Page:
Extensive repairs will keep the Coastal Renaissance ferry out of commission for at least five weeks — through the upcoming Labour Day and Thanksgiving weekends — or longer, depending on the scope of the work required.
It’s too soon to predict a return-to-service date or the ultimate repair cost, B.C. Ferries said Tuesday.
B.C. Ferries staff are contacting 7,500 customers who had bookings through the next long weekend on the vessel, which had been running between Nanaimo’s Duke Point and Tsawwassen. The company expects to reach the 3,500 remaining customers by Thursday.
Because most sailings are already booked for the Labour Day long weekend, customer care director Karen Tindall urged customers to car share or walk on. Parking lots will likely be full, too.
Coastal Renaissance was pulled from service on Aug. 17 because of an engine problem.
Built in 2007, warranties have expired on the vessel, one of three Coastal-class ferries built in Germany. They are considered to be among the most reliable in the fleet, said Nicolas Jimenez, B.C. Ferries president.
When Coastal Renaissance was pulled from service, the immediate focus was to adjust the schedule and to assist customers booked through the long weekend, he said.
B.C. Ferries is also looking at how to address demand following the September long weekend, when passenger numbers traditionally decline, Tindall said.
Coastal Renaissance is normally one of three ferries serving the Duke Point-Tsawwassen route during the summer. Queen of Coquitlam is being brought in to sail on Tuesdays and Wednesdays to help lessen the impact.
Two inspections were carried out on Coastal Renaissance on the weekend after it was towed to Nanaimo’s Departure Bay. “However, due to limited access, we will only be able to confirm the full scope of the required repair after the rotor has been removed,” said Stephen Jones, B.C. Ferries executive director of engineering.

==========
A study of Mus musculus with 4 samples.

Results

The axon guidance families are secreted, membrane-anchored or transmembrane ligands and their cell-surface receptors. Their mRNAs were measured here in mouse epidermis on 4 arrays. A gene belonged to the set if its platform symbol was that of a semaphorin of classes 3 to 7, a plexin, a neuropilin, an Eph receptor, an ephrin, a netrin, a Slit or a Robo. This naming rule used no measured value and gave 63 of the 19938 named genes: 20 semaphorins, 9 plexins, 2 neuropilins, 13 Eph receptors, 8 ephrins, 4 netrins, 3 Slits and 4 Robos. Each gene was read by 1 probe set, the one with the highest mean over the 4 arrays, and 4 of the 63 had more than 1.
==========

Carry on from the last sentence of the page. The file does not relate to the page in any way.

The rotor will be replaced. Jones said there are three possibilities for repairing the stator, the other key component in the motor.
Three likely scenarios are being considered: do the repair in Nanaimo, send it elsewhere in North America or ship it to Germany.
“Obviously, our preference is to do this work locally if we can,” Jones said.
A specialist contractor is being retained to prepare lifting equipment to remove both the rotor (13 tonnes) and the stator (20 tonnes).
The earliest the rotor could be taken out will between Sept. 7 and Sept. 10, allowing a stator inspection between Sept. 11 and Sept. 15, Jones said.
Materials would have to be ordered, then rebuilding and reconditioning would be carried out. This could take about five weeks.
“I think it is safe to say that we would be unlikely to see this vessel back before mid-October,” Jones said.
Inspections of the drive motors on the other two Coastal-class vessels are expected to be completed within two weeks.
B.C. Ferries has an extensive inspection and maintenance program, the company said.
Jimenez said B.C. Ferries has plans to add to its Island-class fleet and will be going to its board this week.
It is working an a business plan, which could likely run $2 billion or more, to replace the large C-class ferries. The company anticipates having that proposal ready by March or June of 2024.
“These things don’t happen overnight to design, procure, commission the build and do the build, [and] put it into service. That is a process measured in years, not months,” Jimenez said.
Bids are solicited both domestically and internationally for new ferries.
There are few yards in B.C. capable of handling large-vessel construction, given the expertise required, the capital investment needed in a yard and the ability to hire enough skilled workers. Seaspan in North Vancouver has been building large non-combat vessels for the federal government.